In her article “Testing, Testing” in the New York Times, Tamar Lewin discusses how competitive college applicants have become a little test-happy in recent years. Reasons for this trend include: the ACT’s elevation from the minor league to equal status with the SAT in the college admissions game, state-sponsored (and required) ACT testing, increased competitiveness across the board for top colleges and universities, and motivated students embracing the challenge by taking and submitting scores from both tests multiple times.
On the other side of the coin, admissions officers are condoning the submission of both tests, explaining that it gives a more complete profile of the thousands of applicants they evaluate. Of course, from a sage student’s perspective, following admissions officers’ advice and providing colleges with a more comprehensive standardized testing profile—warts, acne and all—might not be the best idea. Indeed, many students’ scores vary widely between the SAT and ACT—certainly enough to affect an admission decision. And Lewin underscores some of the main differences between the tests that account for this variation. This reality begs the question of whether your intellectually-budding junior should follow the masses and take both.
The answer is complex. The fact is that you can’t determine which test is right for you without actually taking each test under the unique pressures and time constraints of the real test that can profoundly affect your score. This is why diagnostic tests at testing centers that use official SAT and ACT tests are essential to determining the test that is right for you. There, students have the simulated pressures and time constraints of the real tests, without the potentially adverse implications on their college admissions prospects. After taking each test, students can check out how they compare using this score converter and go from there. After determining which test is best, students should stick with it, taking it two times (and sometimes 3-4).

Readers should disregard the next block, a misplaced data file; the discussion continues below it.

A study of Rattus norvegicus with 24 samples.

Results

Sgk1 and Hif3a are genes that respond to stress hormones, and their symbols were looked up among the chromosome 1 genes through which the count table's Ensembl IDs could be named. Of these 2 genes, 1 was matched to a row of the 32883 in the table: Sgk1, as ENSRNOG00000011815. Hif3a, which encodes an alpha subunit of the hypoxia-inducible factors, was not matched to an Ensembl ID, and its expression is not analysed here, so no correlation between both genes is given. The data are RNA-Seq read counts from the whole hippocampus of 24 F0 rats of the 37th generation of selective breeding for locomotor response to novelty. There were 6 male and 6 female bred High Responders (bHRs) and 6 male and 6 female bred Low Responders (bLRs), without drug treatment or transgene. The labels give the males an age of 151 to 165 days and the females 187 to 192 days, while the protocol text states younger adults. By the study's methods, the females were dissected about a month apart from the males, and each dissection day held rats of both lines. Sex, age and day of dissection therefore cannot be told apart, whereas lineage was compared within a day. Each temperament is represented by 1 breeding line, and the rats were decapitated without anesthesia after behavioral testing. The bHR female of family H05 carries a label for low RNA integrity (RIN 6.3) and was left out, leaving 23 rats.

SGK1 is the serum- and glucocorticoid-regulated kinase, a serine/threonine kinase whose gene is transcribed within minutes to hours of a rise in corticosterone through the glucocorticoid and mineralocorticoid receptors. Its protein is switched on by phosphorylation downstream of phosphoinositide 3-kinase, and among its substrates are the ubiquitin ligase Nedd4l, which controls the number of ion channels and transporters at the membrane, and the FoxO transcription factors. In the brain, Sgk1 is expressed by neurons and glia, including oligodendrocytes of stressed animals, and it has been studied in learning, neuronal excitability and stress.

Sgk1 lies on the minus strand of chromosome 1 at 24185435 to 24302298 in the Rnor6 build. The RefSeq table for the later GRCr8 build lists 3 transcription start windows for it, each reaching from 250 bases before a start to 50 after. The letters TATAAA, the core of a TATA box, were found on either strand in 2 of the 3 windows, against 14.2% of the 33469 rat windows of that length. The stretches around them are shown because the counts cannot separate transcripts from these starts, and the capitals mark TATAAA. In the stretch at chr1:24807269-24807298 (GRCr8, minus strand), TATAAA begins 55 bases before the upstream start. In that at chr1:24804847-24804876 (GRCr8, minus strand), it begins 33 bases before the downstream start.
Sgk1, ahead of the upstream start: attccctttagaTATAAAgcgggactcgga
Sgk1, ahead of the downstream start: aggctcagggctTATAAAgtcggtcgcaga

Ideally the student would have a realistic estimate of his or her expected score before even entering the testing room. This approach precludes the often frustrating option of Score Choice, a policy that some schools utilize and some schools half-way utilize to allow students to choose which test scores they want to submit.
Of course, parents should do their research to ensure that any company they hire doesn’t create their own versions of the tests. In my experience, this leaves a little too much room for companies to artificially create the illusion of progress where it may not actually occur. At Streamline Tutors, for example, we use only official SAT and ACT practice tests and offer complementary diagnostic and practice testing for our students to track performance up until the real thing.
One important consideration for those with documented learning disabilities is that it is MUCH easier to get extra time on the SAT than the ACT. This is true for obvious reasons: time is a critical factor on the ACT in which the questions are more straightforward but more plentiful. Parents and students should be proactive about applying for extra time on both tests, but especially on the ACT.
While standardized testing is crucially important in college admissions, there are bigger fish to fry once you have a score in a range you desire. Grades, extracurricular activities, and intellectual pursuits outside of the classroom will all have a greater impact on your admission decision. My advice is to treat standardized testing like a box to be checked off. Once you have the score you want on the test you’re best at, move on. You’ve got college application essays, teacher recommendations, and SAT Subject Tests to worry about now!